Illegal Arrest, Prison Abuse, And Unfair Trial– Latest News on Heshmatollah Tabarzadi from His Lawyer
Four months after his arrest, political activist Heshmatollah Tabarzadi remains in solitary confinement cells of Ward 209 of Evin Prison. According to his lawyer, his initial court session, which met for the first time last Wednesday was supposed to be today but was postponed again.
His lawyer, Nasrin Sotoudeh, told the International Campaign for Human Rights in Iran that her client’s interrogations have been done with “pressure, beatings, repeated and indescribable verbal insults.” Sotoudeh believes that whatever confessions are made under such circumstances are “completely illegal.” Sotoudeh also believes that her client’s arrest was illegal.
She told the International Campaign for Human Rights in Iran: “My client, Mr. Tabarzadi was arrested on December 28, 2009, with a copy of a warrant which did not have his name on it. The law expressly says that a suspect’s name, reasons for his arrest, and his charges must be mentioned in a warrant. In his case, this was a general warrant issued by Tehran Prosecutor and his name was nowhere on that warrant. Therefore Mr. Tabarzadi’s arrest was an illegal arrest.”
Four charges are reflected in Heshmat Tabarzadi’s indictment: “Propagation activities against the regime,” “congregation and mutiny with the intention to act against the national security,” “insulting the Supreme Leader and the President,” and “disrupting public order.”
Regarding her client’s court process Sotoudeh said: “According to Article 168 of Iranian Constitution, ‘political and press offenses will be tried openly and in the presence of a jury, in courts of justice.’ But my client has so far only been interrogated by the Ministry of Intelligence and according to him, his interrogations have been done through pressure and beatings.”
Tabarzadi’s most important grievance is the actions of an intelligence officer who has made certain “recommendations” to the judge. Sotoudeh calls this action “astonishing,” and added, “In an illegal move, this Ministry of Intelligence officer has made a recommendation to the case judge to consider maximum punishment with exile to locations with a bad climate, as well as deprivation of all manners of political, social, and cultural activities for the rest of my client’s life.”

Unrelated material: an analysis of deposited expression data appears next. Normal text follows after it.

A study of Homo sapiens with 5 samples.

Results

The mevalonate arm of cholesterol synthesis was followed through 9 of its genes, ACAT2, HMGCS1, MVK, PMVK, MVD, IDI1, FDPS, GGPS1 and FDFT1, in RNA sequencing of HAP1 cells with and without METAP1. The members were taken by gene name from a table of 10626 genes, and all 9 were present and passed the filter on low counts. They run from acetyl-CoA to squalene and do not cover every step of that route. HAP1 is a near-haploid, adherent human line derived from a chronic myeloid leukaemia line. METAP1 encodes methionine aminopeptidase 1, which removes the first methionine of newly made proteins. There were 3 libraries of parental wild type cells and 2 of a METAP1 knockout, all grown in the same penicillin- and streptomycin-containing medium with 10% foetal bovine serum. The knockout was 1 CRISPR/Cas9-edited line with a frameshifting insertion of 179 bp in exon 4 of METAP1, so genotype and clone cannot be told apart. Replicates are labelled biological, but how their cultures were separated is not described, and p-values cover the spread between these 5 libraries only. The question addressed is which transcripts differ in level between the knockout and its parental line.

“Let’s assume that this individual had no legal knowledge. This action is a crime according to law, as a non-judicial agent has made a recommendation to the judge. This individual has no judicial positions, and he is neither a judge nor a party to this case. Such an action has taken place in many cases and unfortunately we have observed that the judge has not only accepted the recommendations, he has taken further steps to issue an even heavier sentence than the one the Ministry of Intelligence had requested. It must be noted that the principle of judicial independence necessitates the judges to react in the face of such recommendations, not to accept them and issue heavy sentences accordingly.”
According to Heshmat Tabarzadi’s lawyer, he has been repeatedly questioned about his participation in the protests. Nasrin Sotoudeh told the International Campaign for Human Rights in Iran: “He stated that he did not participate in any protests, but only went on a drive through the city in his car. But his more important defense is that even if he had participated in the protests, he did not have a problem. It is the legal right of Iranian nation and it was also his legal right. He should be able to express his protest through peaceful means. His entire defense during the illegal interrogations has been that he had used his legal rights for civil and peaceful protest.”
Heshmatollah Tabarzadi is Secretary of Iran Democratic Front and an old-time political and student activist. He has spent more than nine years in prison for his activities. Tabarzadi was Editor-in-Chief of “Payam Daneshjoo,” “Neda-ye Daneshjoo,” “Hoviat-e Kheesh,” and “Gozaresh’e Rooz” publications. This political activist is regarded as a main figure of student protests of 1999.